April 11, 2019

If you have a toddler who has a meltdown at the thought of eating more than two bites of something green, you know that getting children to eat a well-balanced diet isn’t easy. Whether to start giving their child vitamins is a question many parents have, as well as at what age they should start. However, for most healthy children, vitamins are unnecessary.

According to the American Academy of Pediatrics, children receiving a normal, well-rounded diet do not need vitamin supplements at all. Still, it can be difficult to know how many vitamins your child is getting each week. A toddler’s plate after dinner is finished may look like a crime scene. Did they actually consume any of that broccoli, or did it just get pushed around? When in doubt, it’s important to talk with your pediatrician about supplementation.

Reasons NOT to Give Your Child Vitamins

A big reason why your child may not need a daily vitamin is because human bodies don’t actually need large amounts of vitamins. In fact, it’s probably a much smaller amount than you think. Even for children who mostly subsist on peanut butter and jelly sandwiches, it takes just a few picks from each of the basic food groups for them to get their daily dose of vitamins.

Many vitamins also are stored in the body. So, while it should be the goal to have your child eat lots of fruits and vegetables every day, a balanced diet can be achieved over the period of a week. If one day’s diet goes awry, there’s likely no reason to turn to a multivitamin. Just ensure that the next day is filled with healthier choices.Father and son preparing healthy meal

It’s also important to remember that many modern foods are fortified with vitamins, calcium and iron. While building a diet complete with vegetables, fruit, fish, eggs, beans and other vitamin-packed foods is important, other store bought staples often contain additives like vitamin D or iron. Next time you pick up a loaf of bread or a jug of milk or orange juice, check the label! Reading labels for nutritional info is a great way to gauge your child’s consumption.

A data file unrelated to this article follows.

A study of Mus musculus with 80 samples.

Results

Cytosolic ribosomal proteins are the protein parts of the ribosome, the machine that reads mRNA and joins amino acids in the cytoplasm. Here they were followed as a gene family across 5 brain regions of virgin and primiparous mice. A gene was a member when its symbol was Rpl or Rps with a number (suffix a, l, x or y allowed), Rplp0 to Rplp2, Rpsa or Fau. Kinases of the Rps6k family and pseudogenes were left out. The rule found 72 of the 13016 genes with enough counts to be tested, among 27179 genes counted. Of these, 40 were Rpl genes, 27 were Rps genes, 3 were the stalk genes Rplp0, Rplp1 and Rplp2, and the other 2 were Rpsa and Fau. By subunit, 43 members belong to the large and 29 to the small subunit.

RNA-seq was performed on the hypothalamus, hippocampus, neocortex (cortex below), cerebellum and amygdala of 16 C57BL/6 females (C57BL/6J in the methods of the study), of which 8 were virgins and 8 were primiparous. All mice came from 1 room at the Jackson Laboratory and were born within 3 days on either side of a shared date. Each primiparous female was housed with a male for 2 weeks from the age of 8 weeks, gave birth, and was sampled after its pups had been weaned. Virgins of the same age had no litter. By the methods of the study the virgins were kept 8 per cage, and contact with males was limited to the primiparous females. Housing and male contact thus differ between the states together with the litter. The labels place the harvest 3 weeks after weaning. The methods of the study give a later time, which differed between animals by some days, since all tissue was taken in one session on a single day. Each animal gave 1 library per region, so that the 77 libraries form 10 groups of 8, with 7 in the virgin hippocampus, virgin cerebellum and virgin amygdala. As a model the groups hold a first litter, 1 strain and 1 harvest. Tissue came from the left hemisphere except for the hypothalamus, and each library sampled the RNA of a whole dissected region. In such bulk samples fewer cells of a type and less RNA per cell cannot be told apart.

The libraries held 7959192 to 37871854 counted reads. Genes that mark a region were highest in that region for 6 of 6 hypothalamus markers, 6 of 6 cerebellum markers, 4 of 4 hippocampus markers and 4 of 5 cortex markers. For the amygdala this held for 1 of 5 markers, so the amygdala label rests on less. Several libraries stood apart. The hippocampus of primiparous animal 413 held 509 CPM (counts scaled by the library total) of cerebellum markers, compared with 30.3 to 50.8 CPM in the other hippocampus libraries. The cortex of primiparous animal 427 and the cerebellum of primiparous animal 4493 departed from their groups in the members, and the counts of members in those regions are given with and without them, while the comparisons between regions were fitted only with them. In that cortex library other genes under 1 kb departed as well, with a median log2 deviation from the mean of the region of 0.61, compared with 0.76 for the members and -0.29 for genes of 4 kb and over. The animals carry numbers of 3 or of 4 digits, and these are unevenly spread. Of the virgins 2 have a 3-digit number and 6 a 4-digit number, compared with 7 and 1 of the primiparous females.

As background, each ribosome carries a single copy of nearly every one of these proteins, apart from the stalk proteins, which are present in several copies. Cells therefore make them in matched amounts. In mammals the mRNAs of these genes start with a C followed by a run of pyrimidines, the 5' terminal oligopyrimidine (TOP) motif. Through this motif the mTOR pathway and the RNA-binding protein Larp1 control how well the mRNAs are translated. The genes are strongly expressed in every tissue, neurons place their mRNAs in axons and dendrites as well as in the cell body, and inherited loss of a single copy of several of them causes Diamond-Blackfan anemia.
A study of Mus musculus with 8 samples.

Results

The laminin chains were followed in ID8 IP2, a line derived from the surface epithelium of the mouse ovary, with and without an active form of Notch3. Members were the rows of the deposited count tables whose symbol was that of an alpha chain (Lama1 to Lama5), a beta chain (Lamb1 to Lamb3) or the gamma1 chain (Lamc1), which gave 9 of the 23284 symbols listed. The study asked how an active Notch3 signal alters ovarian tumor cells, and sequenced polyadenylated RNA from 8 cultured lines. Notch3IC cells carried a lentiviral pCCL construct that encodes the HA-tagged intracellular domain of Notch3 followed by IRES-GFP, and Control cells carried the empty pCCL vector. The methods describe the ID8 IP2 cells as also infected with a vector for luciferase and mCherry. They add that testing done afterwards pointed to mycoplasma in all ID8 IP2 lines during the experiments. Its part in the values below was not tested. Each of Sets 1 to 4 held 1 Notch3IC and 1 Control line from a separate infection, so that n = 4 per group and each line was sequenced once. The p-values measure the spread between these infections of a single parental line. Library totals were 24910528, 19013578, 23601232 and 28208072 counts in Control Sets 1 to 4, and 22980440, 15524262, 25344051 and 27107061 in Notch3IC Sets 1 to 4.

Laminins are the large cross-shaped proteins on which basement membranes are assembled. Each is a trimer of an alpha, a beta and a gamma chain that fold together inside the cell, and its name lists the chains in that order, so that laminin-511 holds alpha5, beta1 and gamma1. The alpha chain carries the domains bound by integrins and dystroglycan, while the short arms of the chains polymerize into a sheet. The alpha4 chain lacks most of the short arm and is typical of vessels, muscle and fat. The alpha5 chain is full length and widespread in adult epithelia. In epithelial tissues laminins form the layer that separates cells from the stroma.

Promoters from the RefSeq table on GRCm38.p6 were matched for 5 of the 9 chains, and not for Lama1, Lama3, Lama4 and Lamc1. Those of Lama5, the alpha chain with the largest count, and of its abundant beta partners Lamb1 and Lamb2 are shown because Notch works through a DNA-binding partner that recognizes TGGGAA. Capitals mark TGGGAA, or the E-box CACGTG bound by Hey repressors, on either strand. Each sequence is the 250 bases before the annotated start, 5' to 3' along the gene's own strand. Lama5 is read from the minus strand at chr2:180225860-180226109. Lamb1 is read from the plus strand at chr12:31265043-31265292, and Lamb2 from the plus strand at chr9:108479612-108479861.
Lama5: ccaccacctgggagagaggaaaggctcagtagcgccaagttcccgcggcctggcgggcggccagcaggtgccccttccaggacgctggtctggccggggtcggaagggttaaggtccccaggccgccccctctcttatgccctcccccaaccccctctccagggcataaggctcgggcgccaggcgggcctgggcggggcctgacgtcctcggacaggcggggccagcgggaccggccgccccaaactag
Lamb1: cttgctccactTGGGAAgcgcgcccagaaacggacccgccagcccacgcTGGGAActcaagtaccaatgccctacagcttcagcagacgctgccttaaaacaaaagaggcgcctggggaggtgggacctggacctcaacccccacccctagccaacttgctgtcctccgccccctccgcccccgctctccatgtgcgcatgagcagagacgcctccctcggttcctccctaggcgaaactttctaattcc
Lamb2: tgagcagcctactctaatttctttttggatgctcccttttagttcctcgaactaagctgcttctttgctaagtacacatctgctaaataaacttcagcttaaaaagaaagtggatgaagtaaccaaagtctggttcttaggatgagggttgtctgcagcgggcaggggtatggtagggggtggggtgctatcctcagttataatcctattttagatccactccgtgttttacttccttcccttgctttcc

Overall, consuming vitamins naturally found in food is a healthier choice to receiving them unnaturally through supplements. The body absorbs nutrients from broccoli or butternut squash much more effectively than it absorbs nutrients from a multivitamin. While it may seem harmless to give your child vitamins “just in case,” receiving too much of certain vitamins actually can cause adverse effects. For example, large doses of vitamin A, C or D can cause headaches, nausea, rashes or even more serious toxic symptoms. 

Unfortunately, some parents also treat multivitamins or other supplements as a replacement for the healthy foods their children should be eating. But, no supplement can replace feeding kids a well-balanced diet. If you find yourself trying to weigh out the “bad” part of your child’s diet with a vitamin, then it might be time to speak with your pediatrician about a long-term healthy diet strategy.

It takes just a few picks from each of the basic food groups for children to get their daily dose of vitamins.

Reasons to Give Your Child Vitamins

If you have a picky eater at your dinner table, it may give you peace of mind to provide a daily multivitamin. Yet, no matter the age of your child, it’s recommended to first consult with your provider. Not all vitamins are manufactured the same. In fact, just like other supplements, the U.S. Food and Drug Administration doesn’t regulate vitamins.

For those with children who have restricted diets, illnesses or conditions, a daily dose of vitamins may be recommended by your pediatrician. For instance, if your child doesn’t consume dairy, your doctor may recommend a calcium supplement. (Although, it’s important to note that calcium exists in many non-dairy foods, including beans, fish, tofu, spinach and others.) Or, if your child has cystic fibrosis, fat-soluble supplements may be needed.

Overall, if your child has a medical condition or is eating a special diet—such as a vegan or raw diet—it’s always advisable to check with your provider to see if they may need extra vitamins, calcium and/or iron.